How a TED Talks Speaker Does Data Visualization

Hans Rosling was a renowned scientist who blended effective storytelling into his statistical findings through data visualization. If you view his TED Talks presentation, you are immersed into a humorous and yet illuminative and serious discussion of his findings. His talk begins discussing child mortality rates among countries.

He walks the audience through the technical process of his methods, but also explains it in a way that someone who isn’t immersed in statistics lingo can follow fairly easily.

Around the 17-minute mark of the video, he walks the audience through one of the questions he posed. He asked, “Which country has the highest child mortality rates among the five pairs?” and walked through the five country pairs to show which one had the highest mortality rates.

He joked about his other findings related to that question. He found Swedish students knew statistically less than chimpanzees when asked to guess which country they thought would have higher mortality rates in the pairs. He found that preconceived notions affected their beliefs and led them to pick the incorrect answer. This humorous joke highlights his attempt to reveal misconceptions and how statistics can show us what is actually true.

That point dives into his overall talk, showing how he will debunk myths about the western world and “third world” developing countries. He shows the model he made displaying data from 1962, showing where the western countries and developing countries were in relation to fertility rates and life expectancy rates.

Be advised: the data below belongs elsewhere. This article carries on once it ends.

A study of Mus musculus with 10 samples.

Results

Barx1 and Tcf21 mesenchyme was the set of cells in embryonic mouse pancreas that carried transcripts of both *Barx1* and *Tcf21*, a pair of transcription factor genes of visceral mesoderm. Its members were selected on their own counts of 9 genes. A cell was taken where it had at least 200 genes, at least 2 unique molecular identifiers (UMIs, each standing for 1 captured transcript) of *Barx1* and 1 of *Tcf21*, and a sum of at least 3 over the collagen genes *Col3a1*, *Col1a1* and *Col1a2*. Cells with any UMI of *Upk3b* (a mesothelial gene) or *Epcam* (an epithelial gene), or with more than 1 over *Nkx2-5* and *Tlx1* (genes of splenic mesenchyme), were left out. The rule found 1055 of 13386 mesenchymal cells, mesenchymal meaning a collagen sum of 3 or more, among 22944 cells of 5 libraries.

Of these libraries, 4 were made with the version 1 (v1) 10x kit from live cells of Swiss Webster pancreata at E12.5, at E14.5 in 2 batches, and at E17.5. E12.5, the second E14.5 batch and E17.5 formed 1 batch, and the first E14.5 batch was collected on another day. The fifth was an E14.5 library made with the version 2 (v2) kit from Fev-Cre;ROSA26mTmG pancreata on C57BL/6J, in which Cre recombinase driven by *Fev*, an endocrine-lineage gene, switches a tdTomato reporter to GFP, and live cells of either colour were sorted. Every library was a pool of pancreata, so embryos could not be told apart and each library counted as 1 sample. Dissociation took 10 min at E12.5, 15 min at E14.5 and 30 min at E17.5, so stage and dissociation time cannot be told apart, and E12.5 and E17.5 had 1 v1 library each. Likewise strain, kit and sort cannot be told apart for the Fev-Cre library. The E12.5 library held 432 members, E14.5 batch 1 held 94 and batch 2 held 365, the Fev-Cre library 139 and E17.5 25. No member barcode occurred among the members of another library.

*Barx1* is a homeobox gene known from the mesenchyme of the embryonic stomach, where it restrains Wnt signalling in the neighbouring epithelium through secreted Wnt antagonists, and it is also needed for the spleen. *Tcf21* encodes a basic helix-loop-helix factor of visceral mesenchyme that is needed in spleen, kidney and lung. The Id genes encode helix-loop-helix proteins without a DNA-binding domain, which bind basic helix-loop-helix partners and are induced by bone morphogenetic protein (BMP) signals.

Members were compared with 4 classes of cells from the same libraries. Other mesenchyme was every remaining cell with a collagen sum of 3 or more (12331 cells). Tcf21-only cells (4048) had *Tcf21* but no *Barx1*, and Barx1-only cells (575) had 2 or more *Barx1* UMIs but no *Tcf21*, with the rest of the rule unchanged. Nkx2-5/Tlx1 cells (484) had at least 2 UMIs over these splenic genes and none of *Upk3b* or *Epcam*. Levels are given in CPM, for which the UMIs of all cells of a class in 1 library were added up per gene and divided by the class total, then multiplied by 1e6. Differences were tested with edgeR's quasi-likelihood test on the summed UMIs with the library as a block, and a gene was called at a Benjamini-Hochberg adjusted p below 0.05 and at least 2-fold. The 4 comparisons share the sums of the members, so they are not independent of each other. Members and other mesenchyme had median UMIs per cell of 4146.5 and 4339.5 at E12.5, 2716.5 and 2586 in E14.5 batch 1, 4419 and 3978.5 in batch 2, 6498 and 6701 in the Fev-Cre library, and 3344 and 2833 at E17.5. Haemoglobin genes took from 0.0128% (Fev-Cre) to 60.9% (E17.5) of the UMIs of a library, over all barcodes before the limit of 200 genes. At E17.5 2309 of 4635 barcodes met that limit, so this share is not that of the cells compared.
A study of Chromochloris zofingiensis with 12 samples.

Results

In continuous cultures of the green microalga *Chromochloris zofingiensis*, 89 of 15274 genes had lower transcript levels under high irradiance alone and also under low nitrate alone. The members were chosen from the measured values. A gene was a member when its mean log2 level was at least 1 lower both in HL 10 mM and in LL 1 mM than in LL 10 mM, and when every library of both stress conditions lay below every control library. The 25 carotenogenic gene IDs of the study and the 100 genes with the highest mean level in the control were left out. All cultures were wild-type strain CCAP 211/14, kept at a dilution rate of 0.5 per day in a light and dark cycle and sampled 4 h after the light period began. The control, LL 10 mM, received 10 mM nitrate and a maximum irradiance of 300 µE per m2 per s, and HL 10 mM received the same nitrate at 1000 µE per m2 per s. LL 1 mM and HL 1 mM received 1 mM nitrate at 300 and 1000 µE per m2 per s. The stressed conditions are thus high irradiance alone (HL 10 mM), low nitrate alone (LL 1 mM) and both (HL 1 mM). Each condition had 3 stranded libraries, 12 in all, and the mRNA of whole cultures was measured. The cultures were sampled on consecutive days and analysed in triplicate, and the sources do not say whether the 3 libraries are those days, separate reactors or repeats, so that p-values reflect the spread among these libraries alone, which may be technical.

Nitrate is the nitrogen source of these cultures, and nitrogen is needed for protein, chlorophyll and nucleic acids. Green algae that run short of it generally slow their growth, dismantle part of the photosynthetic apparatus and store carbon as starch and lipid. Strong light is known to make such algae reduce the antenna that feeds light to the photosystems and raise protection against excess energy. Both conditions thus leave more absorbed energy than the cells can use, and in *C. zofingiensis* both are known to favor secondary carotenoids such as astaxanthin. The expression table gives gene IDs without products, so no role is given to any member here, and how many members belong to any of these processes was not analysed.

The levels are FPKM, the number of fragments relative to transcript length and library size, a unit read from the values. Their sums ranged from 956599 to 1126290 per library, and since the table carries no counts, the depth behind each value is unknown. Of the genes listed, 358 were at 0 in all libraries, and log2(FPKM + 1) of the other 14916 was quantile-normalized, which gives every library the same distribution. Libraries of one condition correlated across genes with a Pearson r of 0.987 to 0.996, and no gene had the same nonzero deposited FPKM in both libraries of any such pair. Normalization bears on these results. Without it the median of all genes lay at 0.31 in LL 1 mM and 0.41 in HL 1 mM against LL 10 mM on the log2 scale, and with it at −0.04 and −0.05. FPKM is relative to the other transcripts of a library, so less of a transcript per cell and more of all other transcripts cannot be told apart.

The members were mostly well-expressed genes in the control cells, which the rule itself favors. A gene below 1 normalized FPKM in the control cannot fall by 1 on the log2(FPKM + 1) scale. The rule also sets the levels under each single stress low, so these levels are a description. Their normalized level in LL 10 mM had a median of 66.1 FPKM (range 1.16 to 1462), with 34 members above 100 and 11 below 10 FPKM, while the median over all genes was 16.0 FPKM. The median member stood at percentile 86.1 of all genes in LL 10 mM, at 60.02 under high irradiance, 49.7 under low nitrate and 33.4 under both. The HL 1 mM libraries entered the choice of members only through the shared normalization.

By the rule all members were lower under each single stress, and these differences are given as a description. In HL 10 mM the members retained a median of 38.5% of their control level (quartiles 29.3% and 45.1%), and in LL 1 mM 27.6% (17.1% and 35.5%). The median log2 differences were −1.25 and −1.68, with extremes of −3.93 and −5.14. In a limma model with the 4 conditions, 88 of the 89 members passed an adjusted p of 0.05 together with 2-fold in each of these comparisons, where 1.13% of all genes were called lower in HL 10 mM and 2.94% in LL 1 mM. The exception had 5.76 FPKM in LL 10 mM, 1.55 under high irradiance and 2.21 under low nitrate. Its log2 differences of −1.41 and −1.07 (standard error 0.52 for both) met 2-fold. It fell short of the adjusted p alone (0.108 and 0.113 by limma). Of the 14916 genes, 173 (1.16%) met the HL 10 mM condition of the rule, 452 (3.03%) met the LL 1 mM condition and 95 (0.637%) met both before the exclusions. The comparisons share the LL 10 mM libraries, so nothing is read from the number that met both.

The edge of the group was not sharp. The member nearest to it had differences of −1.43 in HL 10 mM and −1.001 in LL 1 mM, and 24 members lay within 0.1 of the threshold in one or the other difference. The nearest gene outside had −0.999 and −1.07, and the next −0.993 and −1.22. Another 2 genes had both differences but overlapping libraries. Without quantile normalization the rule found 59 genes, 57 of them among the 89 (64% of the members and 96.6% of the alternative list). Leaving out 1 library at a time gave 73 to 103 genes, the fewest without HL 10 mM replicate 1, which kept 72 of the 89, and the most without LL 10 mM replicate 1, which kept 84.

Rosling sought to see how that data changes for those countries from 1962. He doesn’t just silently let the data change each year and let the audience try to figure it out. He enthusiastically points out the countries and the trends they begin displaying as the years wear on. His voice delivery isn’t monotonous either. Instead, it’s full of frantic enthusiasm as he tries to highlight all the trends countries are going to, adding witty quips to the timeline.

He highlights major events of the decade that would affect the data, such as in the 90s, with the HIV epidemic that affected the the life expectancy of African countries and rest of the world, which moves the rest of the world reflecting smaller families and longer life expectancies, which he remarks that “it takes us into a new world.”

He then picks out two countries: the United States and Vietnam in 1964. The United States had longer life expectancy and smaller families, while Vietnam had lower life expectancies and larger families. He shows the effects of the war and family planning policies in Vietnam as time passes on, and by 2000, Vietnam has long life expectancy and smaller families just like the United States.

The rest of his video shows other data visualizations about countries. How he breaks down each of his findings highlights great methods of storytelling and data visualization. He’s enthusiastic about his data but explains it in a way that makes it easy for the audience to follow.

His method of data visualization is a great and innovative way to engage the audience!

For more reading on effective data visualization, check out:

3 Types of Data Visualization That Can Bring Analytics to Life

Elaine Nghiem is part of the GovLoop Featured Contributor program, where we feature articles by government voices from all across the country (and world!). To see more Featured Contributor posts, click here.


As a designer, I can’t agree with you more on the importance of data visualization. Along with enthusiasm and genuine interest in the topic, innovative data visualization can do wonders in getting a difficult topic across all target audiences.